Ribbons on Cars
The store also carries magnetic ribbons for cars. I saw a variety of them: the yellow one with " we support our troops"; a black one with " POW/MIAs: We won't forget"; and one that grabbed my attention: a khaki camoflague one that says "Support our Troops." I liked that one the most because I hadn't seen it before, and because it would match our car, which is a metalic driftwood color.
While we were standing in line to pay the cashier, a woman and her son struck up a conversation about getting one of the ribbons. She asked her son if she should get one, and he replied, "Yeah, sure..it's your car." I turned around looked at them and commented that I thought these were cool. She said yea, I want to show my support. My son's about to leave." And I replied, " Wow." He replied, "Well, it's my turn." Then I asked him, " you are going all the way over there?", meaning Iraq. He said, "Yeah, where else?" And I said, I wish you well and hope you don't have to stay long." He said, "Year and a half."
I thought my fellow blogger Tamara as her son has to go to Iraq next summer. This young man near me wasn't more than 20 years old. I wanted to ask him what he would be doing over there, but they signaled they didn't want to chat with others. He wanted to be in mother's company more than talking with a stranger. I didn't blame them a bit.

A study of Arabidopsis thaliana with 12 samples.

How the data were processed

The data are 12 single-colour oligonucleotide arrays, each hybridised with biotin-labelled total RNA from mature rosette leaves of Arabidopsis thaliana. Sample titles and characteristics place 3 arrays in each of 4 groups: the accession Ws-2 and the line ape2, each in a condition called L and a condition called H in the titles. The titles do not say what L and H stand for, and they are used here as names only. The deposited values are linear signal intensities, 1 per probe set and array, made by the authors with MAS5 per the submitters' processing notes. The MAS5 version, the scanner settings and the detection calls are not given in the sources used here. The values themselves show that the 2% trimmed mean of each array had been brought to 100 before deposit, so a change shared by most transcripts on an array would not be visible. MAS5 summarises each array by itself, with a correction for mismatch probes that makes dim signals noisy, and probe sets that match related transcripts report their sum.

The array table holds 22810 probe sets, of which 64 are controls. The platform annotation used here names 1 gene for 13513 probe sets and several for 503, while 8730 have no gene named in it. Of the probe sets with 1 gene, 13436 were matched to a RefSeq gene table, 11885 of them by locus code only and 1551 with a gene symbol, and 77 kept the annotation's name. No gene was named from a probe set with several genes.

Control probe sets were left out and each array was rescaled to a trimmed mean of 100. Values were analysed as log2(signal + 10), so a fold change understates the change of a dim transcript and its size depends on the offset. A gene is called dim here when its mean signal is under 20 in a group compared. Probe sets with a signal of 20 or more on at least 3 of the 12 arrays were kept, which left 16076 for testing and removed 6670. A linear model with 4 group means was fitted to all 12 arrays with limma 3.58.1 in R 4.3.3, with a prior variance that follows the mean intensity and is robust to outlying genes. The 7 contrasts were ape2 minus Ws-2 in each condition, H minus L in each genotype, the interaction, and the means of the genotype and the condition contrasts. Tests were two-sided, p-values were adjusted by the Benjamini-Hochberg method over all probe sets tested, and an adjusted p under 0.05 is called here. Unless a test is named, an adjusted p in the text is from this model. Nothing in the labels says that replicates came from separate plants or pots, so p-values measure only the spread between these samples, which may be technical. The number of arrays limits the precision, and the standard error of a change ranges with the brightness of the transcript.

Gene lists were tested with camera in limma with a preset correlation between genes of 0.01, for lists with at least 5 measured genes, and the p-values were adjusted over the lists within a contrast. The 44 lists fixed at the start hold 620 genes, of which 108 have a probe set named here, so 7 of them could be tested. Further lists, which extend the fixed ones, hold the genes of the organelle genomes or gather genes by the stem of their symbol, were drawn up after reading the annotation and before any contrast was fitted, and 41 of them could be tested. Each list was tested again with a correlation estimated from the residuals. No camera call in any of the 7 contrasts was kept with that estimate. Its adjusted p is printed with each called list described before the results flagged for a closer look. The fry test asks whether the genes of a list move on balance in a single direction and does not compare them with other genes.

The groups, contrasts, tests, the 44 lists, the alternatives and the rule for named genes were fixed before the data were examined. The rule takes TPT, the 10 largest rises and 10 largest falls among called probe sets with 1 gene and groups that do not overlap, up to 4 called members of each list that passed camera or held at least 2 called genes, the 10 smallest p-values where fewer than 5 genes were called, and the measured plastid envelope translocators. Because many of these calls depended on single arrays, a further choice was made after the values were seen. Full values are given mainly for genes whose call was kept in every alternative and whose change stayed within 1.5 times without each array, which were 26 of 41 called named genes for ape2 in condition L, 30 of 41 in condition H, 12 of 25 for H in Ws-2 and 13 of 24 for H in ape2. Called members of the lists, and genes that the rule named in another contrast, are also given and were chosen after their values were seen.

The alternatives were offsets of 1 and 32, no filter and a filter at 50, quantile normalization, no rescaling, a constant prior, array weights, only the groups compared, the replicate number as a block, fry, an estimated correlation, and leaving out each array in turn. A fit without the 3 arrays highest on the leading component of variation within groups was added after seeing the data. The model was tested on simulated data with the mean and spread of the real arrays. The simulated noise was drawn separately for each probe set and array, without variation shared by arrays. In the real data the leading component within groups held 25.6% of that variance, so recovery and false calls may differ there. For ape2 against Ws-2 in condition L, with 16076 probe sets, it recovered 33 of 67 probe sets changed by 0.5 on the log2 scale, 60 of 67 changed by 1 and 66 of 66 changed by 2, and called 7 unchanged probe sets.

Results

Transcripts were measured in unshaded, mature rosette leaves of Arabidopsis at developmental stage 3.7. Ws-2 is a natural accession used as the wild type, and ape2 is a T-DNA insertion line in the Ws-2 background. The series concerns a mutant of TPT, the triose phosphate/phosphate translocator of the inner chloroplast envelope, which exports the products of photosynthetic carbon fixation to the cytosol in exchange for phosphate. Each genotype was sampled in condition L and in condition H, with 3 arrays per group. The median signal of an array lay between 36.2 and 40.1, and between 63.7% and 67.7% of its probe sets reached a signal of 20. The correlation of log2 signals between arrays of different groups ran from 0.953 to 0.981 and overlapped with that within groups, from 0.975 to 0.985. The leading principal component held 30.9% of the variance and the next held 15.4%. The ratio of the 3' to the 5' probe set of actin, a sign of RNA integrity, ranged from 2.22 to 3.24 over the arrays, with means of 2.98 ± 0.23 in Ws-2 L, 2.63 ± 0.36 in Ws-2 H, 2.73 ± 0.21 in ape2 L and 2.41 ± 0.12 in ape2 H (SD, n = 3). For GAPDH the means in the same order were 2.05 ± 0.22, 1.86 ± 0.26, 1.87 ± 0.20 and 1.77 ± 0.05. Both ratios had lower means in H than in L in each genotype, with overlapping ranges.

I turned back around and made my purchases. Inside, I was feeling sad, mainly because I didn't want him to go. I wondered if he would come back. I thought about if he did come back, what would his attitude be like? Losing the innocence of youth I suppose by having a war forced on him that he had nothing to do with.
However, I admired him for his resolve. I think I admired his mother most of all, who didn't show pride or sadness, or any kind of emotion. Maybe I absorbed all of her feelings.
I do support our troops. More important, I want the insanity of the war to end not to send any more young men and women because of blinders on the horsemen of the apocolyse who run through our executive buildings in DC.
With a tear in my eye, I put the ribbon on my car, and I said to myself, " good luck soldier..and be safe."